Health

CDC Now Recommends Americans Consider Wearing Cloth Face Coverings In Public

A pedestrian in a face mask crosses the Williamsburg Bridge in New York City last month. U.S. health authorities have announced they're changing the official recommendations on face masks, now urging people to wear them in public spaces to help slow the spread of the coronavirus.
A pedestrian in a face mask crosses the Williamsburg Bridge in New York City last month. U.S. health authorities have announced they're changing the official recommendations on face masks, now urging people to wear them in public spaces to help slow the spread of the coronavirus.
Bryan R. Smith/AFP via Getty Images

Updated at 6:20 p.m. ET

President Trump said Friday the Centers for Disease Control and Prevention now recommends that people wear cloth or fabric face coverings, which can be made at home, when entering public spaces such as grocery stores and public transit stations. It is mainly to prevent those people who have the virus — and might not know it — from spreading the infection to others.

The guidelines do not give many details about coverings beyond: "cloth face coverings fashioned from household items or made at home from common materials at low cost can be used as an additional, voluntary public health measure."

Trump emphasized that wearing masks in public is voluntary and said he will not be doing so.

U.S. health authorities had discouraged healthy Americans from wearing facial coverings for weeks, saying they were likely to do more harm than good in the fight against the coronavirus — but now, as researchers have learned more about how the highly contagious virus spreads, officials have changed their recommendations.

U.S. health authorities have long maintained that face masks should be reserved only for medical professionals and patients suffering from COVID-19, the deadly disease caused by the coronavirus. The CDC had based this recommendation on the fact that such coverings offer little protection for wearers, and the need to conserve the country's alarmingly sparse supplies of personal protective equipment.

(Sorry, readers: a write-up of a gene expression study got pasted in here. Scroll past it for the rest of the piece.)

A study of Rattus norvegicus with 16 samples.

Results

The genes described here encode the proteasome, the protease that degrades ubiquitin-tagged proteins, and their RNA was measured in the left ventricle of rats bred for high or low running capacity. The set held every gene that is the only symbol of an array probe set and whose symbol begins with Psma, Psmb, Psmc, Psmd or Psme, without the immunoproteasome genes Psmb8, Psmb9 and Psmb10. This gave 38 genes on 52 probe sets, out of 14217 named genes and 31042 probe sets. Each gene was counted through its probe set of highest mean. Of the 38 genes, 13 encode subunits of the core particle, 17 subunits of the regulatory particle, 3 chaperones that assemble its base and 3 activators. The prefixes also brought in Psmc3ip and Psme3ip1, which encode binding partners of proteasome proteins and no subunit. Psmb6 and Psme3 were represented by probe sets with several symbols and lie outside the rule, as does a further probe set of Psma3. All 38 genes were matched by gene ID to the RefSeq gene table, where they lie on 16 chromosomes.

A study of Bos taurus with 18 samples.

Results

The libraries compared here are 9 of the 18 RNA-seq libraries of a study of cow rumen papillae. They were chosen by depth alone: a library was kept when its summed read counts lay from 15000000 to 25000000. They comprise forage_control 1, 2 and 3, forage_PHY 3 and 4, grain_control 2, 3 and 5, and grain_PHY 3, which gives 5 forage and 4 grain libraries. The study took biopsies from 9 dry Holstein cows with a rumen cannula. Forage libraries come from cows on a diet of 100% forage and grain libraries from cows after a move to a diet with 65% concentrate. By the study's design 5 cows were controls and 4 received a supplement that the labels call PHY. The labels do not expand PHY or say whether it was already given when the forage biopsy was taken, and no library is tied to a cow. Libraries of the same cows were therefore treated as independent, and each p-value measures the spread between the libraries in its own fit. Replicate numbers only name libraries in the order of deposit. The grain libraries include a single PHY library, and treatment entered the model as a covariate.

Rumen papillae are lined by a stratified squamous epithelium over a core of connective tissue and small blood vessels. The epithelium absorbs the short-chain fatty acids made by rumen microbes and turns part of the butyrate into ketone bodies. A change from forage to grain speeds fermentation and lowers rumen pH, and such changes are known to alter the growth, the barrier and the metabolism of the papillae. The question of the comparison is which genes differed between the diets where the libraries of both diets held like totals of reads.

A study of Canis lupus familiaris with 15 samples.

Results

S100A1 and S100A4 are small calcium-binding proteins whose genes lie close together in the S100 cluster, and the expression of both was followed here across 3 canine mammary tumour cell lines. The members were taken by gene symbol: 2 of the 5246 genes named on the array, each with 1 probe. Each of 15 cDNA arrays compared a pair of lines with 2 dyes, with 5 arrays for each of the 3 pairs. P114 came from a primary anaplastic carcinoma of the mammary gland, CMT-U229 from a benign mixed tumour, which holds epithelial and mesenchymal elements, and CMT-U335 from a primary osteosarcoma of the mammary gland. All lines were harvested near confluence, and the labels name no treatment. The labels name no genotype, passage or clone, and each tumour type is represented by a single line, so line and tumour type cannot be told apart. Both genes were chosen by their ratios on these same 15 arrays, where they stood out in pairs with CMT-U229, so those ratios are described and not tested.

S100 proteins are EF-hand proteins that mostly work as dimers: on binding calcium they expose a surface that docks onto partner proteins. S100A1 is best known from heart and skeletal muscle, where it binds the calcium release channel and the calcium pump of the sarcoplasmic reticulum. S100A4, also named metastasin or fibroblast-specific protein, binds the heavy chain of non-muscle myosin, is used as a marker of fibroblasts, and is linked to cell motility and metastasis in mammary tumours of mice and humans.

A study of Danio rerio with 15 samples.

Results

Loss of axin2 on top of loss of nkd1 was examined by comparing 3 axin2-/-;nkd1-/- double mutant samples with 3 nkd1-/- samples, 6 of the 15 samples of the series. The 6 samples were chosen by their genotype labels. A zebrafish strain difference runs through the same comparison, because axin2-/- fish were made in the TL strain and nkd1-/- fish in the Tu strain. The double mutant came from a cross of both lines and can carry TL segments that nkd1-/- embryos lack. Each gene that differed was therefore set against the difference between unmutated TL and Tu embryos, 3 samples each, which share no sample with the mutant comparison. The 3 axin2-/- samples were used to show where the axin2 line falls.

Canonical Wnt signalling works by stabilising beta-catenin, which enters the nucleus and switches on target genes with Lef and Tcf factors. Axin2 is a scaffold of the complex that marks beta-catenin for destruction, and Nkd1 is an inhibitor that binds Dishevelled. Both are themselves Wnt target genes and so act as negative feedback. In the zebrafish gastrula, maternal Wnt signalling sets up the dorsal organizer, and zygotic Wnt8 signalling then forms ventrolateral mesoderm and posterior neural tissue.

Still, as the virus spread to every state in the U.S., it has become clear that people can contract and spread the virus without showing symptoms, rendering it difficult — if not impossible — to distinguish healthy from infected individuals without a formal test. So, it may protect other people who come into contact with the unknowing individual.

And the mask need not be professional-grade to offer some benefit. In fact, officials say it probably shouldn't be: The CDC recommends constructing your own cloth mask, so as to help ensure that doctors and nurses can obtain access to medical-grade surgical or N95 masks amid a widespread shortage of supplies.

With this announcement, the U.S. is following the lead of a number of other countries that have been urging — or outright ordering — their residents to don masks in public. The expanding list includes China and South Korea, where officials have even taken the step of distributing masks.

And while the European Centre for Disease Prevention and Control continues to discourage the use of face masks, some European countries, such as Austria and the Czech Republic, have told their residents to cover up their mouths and noses before entering a store.

This week, the mayors of Los Angeles and New York City also urged residents to do the same.